Saturday, October 28, 2006

Reply to demimondian

demimondian commented:

    A human fetus—much less a human embryo—is, in fact, not an organism. Wiki has a nice suymmary of the definition:

    In biology and ecology, an organism (in Greek organon = instrument) is a living complex adaptive system of organs that influence each other in such a way that they function in some way as a stable whole.

    An organism is in a non-equilibrium thermodynamic state, maintaining a homeostatic internal environment, and a continuous input of energy is required to maintain this state.

    The key word is “stable”—neither an embryo, or a human fetus before a certain stage of development, is capable of functioning as a stable whole. The “mother + zygote” pair is an organism, but the zygote itself is emphatically not.

    Your core hypothesis is, therefore, not true. That doesn’t invalidate your conclusion, but it does rubbish your argument.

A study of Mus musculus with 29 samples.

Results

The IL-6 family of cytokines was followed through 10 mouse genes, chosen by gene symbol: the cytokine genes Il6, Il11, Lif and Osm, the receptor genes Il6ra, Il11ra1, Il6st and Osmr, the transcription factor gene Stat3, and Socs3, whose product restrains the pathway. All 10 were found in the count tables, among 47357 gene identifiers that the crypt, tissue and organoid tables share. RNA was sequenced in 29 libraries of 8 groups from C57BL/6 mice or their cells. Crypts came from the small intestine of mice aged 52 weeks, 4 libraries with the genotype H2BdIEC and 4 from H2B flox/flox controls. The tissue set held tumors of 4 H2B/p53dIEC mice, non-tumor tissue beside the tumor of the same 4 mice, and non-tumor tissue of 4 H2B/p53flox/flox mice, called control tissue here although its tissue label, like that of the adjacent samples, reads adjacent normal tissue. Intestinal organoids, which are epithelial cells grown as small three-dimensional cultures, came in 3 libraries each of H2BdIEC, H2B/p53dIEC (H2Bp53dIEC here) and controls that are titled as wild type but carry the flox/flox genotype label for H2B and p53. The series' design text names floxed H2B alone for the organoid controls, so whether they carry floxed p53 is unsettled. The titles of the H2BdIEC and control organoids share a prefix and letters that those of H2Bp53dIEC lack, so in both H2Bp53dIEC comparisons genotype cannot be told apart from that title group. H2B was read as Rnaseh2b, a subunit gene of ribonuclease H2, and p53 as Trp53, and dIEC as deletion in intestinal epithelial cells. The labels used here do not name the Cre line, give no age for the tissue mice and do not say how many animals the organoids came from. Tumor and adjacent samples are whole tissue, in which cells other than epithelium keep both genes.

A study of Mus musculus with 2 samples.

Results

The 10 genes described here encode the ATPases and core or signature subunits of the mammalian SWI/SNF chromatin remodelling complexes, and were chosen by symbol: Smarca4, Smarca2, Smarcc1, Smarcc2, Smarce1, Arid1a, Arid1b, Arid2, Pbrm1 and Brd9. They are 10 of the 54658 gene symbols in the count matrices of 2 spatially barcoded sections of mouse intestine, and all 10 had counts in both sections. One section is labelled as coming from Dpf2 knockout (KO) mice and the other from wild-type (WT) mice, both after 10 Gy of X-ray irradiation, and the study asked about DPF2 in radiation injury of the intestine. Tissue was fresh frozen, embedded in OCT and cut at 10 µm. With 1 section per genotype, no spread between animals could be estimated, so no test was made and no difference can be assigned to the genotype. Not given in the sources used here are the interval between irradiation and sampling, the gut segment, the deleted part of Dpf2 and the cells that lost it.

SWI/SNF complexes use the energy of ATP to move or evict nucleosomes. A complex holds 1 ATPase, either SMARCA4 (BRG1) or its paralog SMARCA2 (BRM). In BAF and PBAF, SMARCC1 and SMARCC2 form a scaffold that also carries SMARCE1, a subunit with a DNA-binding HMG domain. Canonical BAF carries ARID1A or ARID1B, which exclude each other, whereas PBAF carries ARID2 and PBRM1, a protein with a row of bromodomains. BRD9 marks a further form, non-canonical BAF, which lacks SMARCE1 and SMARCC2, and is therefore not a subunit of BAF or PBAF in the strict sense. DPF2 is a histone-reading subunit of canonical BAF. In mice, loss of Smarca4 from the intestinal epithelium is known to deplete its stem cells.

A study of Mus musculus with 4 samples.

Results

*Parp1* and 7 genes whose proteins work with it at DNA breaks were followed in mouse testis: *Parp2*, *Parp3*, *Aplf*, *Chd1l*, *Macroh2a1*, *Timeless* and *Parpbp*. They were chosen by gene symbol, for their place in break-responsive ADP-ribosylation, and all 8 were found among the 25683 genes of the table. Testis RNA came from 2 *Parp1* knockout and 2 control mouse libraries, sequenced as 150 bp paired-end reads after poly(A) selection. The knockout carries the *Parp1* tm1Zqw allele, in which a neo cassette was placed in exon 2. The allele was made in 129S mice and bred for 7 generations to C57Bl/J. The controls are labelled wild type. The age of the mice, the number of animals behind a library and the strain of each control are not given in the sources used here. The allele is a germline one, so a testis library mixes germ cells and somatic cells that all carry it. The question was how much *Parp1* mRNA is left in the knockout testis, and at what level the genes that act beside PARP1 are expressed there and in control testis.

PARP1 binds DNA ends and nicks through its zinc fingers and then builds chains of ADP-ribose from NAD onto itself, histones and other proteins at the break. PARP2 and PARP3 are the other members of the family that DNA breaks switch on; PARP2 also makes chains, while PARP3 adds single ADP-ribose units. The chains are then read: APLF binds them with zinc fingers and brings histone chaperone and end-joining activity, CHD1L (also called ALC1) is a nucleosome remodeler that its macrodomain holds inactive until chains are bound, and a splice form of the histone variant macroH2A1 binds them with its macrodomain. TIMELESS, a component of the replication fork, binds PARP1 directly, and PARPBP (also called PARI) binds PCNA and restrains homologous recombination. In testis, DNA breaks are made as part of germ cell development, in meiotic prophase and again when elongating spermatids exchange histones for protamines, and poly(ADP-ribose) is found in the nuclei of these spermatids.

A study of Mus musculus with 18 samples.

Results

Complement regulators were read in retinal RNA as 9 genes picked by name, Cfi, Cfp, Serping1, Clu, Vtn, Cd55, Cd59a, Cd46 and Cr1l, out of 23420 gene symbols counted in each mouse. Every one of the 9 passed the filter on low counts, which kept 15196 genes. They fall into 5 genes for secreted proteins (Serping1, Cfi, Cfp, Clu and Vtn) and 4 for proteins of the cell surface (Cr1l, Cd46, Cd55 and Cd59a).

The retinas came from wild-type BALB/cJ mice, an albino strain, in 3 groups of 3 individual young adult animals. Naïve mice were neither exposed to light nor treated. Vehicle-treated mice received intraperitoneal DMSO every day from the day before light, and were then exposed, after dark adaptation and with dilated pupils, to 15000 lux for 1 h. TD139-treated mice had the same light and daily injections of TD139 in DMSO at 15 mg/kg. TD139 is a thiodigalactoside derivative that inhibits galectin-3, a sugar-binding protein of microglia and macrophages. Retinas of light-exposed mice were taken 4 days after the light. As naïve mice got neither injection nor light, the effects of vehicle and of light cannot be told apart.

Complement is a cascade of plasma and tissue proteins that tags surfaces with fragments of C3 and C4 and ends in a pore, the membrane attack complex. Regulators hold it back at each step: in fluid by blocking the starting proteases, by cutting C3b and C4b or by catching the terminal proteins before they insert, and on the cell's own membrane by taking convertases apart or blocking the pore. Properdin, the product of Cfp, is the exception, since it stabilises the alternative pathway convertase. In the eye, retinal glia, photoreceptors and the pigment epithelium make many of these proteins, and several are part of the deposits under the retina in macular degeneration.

This is the easiest to refute: according to embryology -- and what field of science is more relevant? -- the conceptus at every stage is a human organism. Consult the texts cited by Prof. George as found in the previous post.

Apart from that, demimondian errs in stating that the the fetus and embryo are not stable: the human being at both stages is an integrated, self-directed entity. Can it survive outside a particular environment, in which it finds sustinance? Of course not, but neither can any organism. I think he's misunderstanding the contextual meaning of stability.